WICHITA, Kan. — The man accused of killing Kansas abortion provider George Tiller said Thursday from the county jail where he is being held that he's "being treated as a criminal" even though he hasn't been convicted.
In a brief telephone conversation with The Associated Press, Scott Roeder also disputed what he called "broad brush" characterizations of him as being anti-government.
"I want people to stop and think: It is not anti-government, it is anti-corrupt government," Roeder, who called from the Sedgwick County Jail in response to a written request for an interview.
The 51-year-old Kansas City, Mo. man was charged Tuesday with first-degree murder for allegedly killing Tiller with a single gunshot as the doctor handed out programs Sunday while ushering at the Lutheran church he attended in Wichita. Roeder also is accused of assaulting two witnesses before leaving the church and driving away. He was arrested a few hours later.
When asked by the AP to discuss the Tiller shooting, Roeder refused to comment, saying he would talk about that later.
"I haven't been convicted of anything, and I am being treated as a criminal," he said after calling the AP. The telephone conversation lasted about three minutes.
Roeder said he is concerned about the media attention his family, particularly his elderly mother, was getting following his arrest.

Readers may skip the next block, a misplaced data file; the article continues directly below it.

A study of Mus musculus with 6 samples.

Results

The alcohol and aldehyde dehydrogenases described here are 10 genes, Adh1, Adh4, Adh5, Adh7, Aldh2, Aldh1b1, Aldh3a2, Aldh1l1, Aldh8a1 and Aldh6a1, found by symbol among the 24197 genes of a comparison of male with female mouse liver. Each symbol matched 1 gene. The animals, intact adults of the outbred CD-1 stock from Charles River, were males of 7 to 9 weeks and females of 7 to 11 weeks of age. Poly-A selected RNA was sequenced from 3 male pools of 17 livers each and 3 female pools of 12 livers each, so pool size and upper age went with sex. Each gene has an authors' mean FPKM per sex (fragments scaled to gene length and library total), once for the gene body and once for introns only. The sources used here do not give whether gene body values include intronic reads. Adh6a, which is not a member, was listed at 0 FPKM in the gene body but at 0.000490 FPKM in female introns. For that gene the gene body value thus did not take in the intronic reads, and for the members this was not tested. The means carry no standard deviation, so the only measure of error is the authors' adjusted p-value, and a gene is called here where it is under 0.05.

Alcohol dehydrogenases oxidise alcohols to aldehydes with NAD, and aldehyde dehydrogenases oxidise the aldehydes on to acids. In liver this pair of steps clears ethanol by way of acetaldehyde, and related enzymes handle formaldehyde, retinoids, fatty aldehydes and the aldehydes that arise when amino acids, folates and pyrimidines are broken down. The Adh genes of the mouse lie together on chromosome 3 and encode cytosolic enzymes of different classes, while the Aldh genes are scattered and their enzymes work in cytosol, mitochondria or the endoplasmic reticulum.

"I appreciate your prayers," said Roeder, who has a preliminary court hearing scheduled for June 16. District Judge Warren Wilbert set Roeder's bond on Thursday at $5 million, reversing an earlier ruling to deny bond.
Dan Monnat, the Tiller family attorney, declined comment on Roeder's statements.
If convicted on the murder charge, Roeder would face a mandatory life sentence and would not be eligible for parole for at least 25 years.
Hundreds of people are expected at Tiller's funeral on Saturday. The late-term abortion provider and his Wichita clinic were a regular target of anti-abortion protests, including the 45-day "Summer of Mercy" event staged by Operation Rescue in 1991. His clinic was damaged by a pipe bomb in 1986, and a protester shot at him in 1993, wounding his arms.
Roeder's former wife, Lindsey Roeder, has said her ex-husband's family life began unraveling more 10 years ago when he got involved in anti-government groups and became a staunch abortion opponent. The two divorced in 1996 and have one son, now 22.
Roeder's brother, David, also has said he suffered from mental illness at various times in his life.